Is AntiVirus software a scam?

Computer Security
Computer Security
computer security

Not saying that it doesn’t work, but is the cost and stress justified to use it?

In the 20 years I have supported technology and countless systems, I have had less than 20 that had malware that I knew of. Of course, there may have been more that I was unaware of. Of those systems, all of those systems were not managed, nor updated. They were just given to a user and then ignored.

Any unpatched system is going to get compromised. It is just a matter of time. All of those 20 years I religiously installed and configured antivirus systems and endpoint protection systems like Crowdstrike and others. I encouraged companies to scan on the backend, and all of the protection that could be offered was done. It was only systems that were ignored and unmanaged that caused a problem, and the majority of them were at 3 companies where there was insufficient IT management.

Now the average endpoint protection cost is $30 a year. I just did an AI query about this and averaged it. Let’s say your company has 100 users, and you spend $3000 a year protecting them. Is this a good use of money? Yes and no. Yes, you might prevent an unlikely hack, and most likely you have wasted this money.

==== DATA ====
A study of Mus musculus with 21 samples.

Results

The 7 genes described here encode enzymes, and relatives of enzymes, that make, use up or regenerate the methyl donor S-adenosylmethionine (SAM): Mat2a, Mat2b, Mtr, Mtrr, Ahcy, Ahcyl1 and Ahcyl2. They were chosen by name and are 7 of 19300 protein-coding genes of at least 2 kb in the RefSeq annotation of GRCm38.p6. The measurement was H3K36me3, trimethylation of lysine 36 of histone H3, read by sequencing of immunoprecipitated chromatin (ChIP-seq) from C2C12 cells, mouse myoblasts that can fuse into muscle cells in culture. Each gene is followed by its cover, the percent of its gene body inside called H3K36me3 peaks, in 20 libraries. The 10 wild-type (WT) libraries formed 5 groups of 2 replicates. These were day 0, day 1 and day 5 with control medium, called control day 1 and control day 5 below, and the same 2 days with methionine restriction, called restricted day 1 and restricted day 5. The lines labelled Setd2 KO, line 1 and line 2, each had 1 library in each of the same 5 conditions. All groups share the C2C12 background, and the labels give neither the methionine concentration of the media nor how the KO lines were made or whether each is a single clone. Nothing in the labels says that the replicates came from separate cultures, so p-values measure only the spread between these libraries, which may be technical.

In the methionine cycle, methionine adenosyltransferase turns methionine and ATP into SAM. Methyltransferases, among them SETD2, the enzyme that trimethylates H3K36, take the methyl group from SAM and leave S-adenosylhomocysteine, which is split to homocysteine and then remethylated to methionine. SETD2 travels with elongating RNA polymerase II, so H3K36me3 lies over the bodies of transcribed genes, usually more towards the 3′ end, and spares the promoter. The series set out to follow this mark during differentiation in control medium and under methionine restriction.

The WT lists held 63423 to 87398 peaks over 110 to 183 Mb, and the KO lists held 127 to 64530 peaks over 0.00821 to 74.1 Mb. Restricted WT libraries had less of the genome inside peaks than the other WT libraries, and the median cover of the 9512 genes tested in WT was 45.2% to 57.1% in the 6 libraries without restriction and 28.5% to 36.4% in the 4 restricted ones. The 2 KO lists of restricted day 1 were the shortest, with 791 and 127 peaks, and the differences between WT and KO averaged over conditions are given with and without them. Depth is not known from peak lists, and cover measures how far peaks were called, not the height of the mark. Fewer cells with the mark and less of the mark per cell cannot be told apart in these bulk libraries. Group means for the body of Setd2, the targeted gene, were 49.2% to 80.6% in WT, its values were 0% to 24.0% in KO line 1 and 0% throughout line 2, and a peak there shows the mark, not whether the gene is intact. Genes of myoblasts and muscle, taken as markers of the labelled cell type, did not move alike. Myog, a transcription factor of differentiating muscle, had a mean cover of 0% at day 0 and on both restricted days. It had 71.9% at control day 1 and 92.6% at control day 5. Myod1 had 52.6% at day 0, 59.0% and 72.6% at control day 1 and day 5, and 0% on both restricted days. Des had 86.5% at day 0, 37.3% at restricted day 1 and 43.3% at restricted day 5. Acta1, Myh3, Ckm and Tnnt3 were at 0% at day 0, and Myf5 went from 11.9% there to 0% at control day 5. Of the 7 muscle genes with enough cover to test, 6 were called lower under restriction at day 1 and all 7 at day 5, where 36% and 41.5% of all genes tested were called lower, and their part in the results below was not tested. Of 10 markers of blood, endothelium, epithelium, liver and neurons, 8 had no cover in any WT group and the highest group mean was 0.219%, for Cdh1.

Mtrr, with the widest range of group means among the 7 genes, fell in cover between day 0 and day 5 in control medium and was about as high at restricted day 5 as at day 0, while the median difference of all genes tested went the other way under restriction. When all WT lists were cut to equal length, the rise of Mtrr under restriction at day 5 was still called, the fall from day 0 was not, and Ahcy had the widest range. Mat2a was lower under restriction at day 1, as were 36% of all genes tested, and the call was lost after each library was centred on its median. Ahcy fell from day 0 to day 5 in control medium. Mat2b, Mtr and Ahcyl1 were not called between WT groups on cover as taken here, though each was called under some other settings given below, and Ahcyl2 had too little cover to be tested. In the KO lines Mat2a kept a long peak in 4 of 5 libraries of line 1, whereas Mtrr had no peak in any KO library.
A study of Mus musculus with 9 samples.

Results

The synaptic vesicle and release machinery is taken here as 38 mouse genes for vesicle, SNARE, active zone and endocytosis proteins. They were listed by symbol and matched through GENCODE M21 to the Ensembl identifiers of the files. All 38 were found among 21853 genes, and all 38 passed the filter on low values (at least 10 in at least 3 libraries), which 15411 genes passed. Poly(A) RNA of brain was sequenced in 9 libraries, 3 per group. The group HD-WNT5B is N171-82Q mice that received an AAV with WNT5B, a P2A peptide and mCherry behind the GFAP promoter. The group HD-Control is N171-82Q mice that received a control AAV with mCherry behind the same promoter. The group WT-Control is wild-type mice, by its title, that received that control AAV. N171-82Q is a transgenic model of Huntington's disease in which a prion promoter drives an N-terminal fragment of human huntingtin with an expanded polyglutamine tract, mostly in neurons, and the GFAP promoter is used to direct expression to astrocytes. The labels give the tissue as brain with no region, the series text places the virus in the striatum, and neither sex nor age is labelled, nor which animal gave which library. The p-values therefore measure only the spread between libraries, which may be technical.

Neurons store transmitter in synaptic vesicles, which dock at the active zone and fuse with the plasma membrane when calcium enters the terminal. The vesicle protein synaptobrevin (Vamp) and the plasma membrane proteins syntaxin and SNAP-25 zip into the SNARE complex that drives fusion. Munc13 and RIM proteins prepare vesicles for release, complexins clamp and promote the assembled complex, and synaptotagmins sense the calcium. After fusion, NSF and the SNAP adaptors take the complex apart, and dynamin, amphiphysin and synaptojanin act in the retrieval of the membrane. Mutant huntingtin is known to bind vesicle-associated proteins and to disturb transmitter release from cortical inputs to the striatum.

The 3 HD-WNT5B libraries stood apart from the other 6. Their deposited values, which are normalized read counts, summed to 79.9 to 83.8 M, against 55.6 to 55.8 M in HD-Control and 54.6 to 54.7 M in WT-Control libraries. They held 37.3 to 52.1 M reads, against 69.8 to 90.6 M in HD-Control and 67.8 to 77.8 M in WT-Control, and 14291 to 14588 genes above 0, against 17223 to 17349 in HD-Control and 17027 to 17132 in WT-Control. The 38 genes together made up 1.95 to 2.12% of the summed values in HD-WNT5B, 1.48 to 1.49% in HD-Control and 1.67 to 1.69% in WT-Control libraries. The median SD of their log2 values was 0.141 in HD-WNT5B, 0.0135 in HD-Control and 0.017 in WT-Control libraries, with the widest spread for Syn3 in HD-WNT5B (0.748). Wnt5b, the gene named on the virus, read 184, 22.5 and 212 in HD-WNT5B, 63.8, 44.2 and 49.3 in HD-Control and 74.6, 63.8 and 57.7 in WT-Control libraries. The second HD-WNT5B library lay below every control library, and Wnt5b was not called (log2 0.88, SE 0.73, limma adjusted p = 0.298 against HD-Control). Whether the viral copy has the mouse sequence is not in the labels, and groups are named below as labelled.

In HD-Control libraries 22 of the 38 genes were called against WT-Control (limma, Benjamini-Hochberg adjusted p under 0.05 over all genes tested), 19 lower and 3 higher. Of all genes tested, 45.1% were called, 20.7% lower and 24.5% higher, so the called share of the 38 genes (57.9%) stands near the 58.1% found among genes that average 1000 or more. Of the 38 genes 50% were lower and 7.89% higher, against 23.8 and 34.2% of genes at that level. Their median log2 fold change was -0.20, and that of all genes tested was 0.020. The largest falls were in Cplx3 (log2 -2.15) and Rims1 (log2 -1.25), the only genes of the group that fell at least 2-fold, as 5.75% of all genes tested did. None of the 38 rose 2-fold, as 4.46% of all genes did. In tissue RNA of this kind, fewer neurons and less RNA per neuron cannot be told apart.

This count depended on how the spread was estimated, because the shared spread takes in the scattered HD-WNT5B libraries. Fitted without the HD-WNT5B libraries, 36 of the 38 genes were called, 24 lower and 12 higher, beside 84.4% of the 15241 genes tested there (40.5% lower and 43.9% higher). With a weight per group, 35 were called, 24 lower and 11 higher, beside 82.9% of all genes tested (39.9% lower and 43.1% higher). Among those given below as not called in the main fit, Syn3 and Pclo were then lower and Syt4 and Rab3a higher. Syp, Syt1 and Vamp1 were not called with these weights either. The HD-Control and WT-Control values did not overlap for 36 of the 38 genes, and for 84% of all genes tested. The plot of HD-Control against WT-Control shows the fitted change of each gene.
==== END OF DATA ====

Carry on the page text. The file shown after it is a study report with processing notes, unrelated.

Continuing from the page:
I investigated what kind of endpoint protection that I should install on my Linux system. Do you want to guess what the result of my research was? Most Linux users don’t use an anti-virus/endpoint protection. They update their system, surf responsibly, have reasonable caution with unknown files, and so on. Now I think that the education of the users will have a more positive investment return than buying the software.


I believe in defense in depth and making multiple ways to make it hard for hackers to be successful. I have to wonder however if the priorities in the company’s spending are correct. Before you buy endpoint protection, are you sure that every employee knows how to act?  Even if you do buy endpoint protection, you still have to remediate and deal with the cost of the infection.

Focusing on defense for security is less helpful than focusing on behavior as proactive security.